We don’t know exactly how many women are selling and buying breast milk online, but this phenomenon has become more popular over the past several years. My research team from the Center for Biobehavioral Health at The Research Institute at Nationwide Children’s Hospital, in collaboration with Cincinnati Children’s Hospital Medical Center and The Ohio State University, bought samples of this milk from ads women had posted on milk-exchange websites.
It is more common than you may realize for women not to be able to produce enough breast milk for their baby, so I can empathize with a mom’s desire to try to provide the benefits of breast milk to their baby, but based on our research, don’t buy from strangers online to provide breast milk.
Information provided by sellers in their classified ads online, such as “I eat an organic diet” or “great quality” had no direct implication on the safety of the breast milk. At the same time, they often did not include information about the use of hygienic milk handling or storage practices, screening for diseases transmissible by milk, or limiting or abstaining from legal or illegal drugs.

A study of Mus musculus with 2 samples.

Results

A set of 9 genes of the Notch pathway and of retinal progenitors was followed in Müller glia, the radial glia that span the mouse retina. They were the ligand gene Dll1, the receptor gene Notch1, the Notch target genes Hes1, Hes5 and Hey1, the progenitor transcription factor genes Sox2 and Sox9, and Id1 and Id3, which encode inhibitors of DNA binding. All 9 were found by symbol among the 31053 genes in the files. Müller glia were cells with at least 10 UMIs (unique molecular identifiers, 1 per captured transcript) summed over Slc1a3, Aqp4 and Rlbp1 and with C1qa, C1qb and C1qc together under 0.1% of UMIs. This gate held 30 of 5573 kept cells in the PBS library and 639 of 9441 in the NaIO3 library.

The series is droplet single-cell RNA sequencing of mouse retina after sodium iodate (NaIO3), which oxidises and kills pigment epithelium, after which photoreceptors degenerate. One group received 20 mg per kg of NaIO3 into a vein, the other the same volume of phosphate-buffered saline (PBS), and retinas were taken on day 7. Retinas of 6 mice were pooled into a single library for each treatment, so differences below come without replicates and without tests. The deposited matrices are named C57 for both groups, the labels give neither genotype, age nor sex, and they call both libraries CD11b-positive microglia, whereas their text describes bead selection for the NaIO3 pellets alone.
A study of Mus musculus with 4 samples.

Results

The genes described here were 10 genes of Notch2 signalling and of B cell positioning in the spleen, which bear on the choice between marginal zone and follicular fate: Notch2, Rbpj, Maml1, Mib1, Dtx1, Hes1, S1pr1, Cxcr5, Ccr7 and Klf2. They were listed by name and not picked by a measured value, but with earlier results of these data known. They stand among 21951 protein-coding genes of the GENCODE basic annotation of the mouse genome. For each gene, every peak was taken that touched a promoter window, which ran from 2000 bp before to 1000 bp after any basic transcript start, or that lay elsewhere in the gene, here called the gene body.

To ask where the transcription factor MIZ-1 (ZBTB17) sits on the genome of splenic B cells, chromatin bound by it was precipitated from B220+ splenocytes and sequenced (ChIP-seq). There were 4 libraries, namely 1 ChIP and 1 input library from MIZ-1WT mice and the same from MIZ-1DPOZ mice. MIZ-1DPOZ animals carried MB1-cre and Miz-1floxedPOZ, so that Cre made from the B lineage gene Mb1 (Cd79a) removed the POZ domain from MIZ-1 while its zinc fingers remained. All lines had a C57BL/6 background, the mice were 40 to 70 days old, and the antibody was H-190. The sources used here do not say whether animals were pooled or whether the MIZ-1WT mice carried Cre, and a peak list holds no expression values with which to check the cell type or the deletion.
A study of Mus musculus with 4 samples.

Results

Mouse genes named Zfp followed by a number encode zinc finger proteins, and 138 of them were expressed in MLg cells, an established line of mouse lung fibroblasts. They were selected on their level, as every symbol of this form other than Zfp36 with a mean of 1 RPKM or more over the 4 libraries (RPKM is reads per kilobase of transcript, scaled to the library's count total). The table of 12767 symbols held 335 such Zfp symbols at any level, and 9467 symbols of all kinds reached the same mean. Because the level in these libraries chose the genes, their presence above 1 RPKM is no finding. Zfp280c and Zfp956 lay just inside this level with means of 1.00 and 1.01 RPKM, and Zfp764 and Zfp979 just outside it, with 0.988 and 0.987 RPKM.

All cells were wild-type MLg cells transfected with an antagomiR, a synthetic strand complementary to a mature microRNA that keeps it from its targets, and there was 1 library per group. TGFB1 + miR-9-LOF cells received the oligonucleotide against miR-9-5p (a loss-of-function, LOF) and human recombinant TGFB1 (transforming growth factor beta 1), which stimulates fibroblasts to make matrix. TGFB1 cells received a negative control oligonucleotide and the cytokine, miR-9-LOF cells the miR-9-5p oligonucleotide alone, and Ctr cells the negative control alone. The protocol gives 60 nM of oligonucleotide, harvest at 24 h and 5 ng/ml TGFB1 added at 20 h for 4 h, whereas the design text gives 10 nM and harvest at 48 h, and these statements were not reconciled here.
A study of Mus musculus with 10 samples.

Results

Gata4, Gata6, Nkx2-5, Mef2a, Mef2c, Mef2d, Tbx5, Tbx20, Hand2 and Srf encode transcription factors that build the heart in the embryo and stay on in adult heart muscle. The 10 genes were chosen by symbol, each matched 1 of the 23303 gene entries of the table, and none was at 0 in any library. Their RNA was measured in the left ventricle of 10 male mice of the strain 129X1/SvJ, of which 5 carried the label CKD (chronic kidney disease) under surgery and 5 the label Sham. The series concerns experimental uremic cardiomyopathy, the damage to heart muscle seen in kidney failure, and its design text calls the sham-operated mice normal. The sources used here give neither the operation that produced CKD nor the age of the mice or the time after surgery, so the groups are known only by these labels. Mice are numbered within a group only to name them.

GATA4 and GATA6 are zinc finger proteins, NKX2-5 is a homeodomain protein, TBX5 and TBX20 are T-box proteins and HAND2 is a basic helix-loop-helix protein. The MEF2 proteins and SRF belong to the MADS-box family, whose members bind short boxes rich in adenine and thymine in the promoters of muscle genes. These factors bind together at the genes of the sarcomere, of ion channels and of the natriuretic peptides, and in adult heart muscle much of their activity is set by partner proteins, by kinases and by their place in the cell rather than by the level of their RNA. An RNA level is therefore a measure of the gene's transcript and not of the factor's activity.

Here are some things we found from the samples we analyzed in the lab:
More than 75 percent of breast milk samples purchased via the internet contained either high levels of bacteria or bacteria that can cause illness.
Many samples purchased online had very high bacterial counts and some even had high amounts of fecal contamination in the milk. A few samples contained salmonella.
Harmful bacteria in this milk may have come from the use of either unclean containers or unsanitary breast milk pump parts.
Shipping practices played a role in the levels of bacteria in the milk purchased online, as some sellers made no effort to keep the milk cold before they shipped it.
For premature babies or sick babies, these risks are especially dangerous to their health.
If you are producing extra milk, rather than selling it online, consider donating to a milk bank. Milk banks are safer alternatives for breast milk if the mother cannot provide milk because donors receive proper instructions and the milk is pasteurized, limiting the risk of bacterial illness.
Sarah A. Keim, MA, MS, PhD is a principal investigator in the Center for Biobehavioral Health at The Research Institute at Nationwide Children’s Hospital. She is an assistant professor of pediatrics in The Ohio State University College of Medicine and of Epidemiology in the College of Public Health.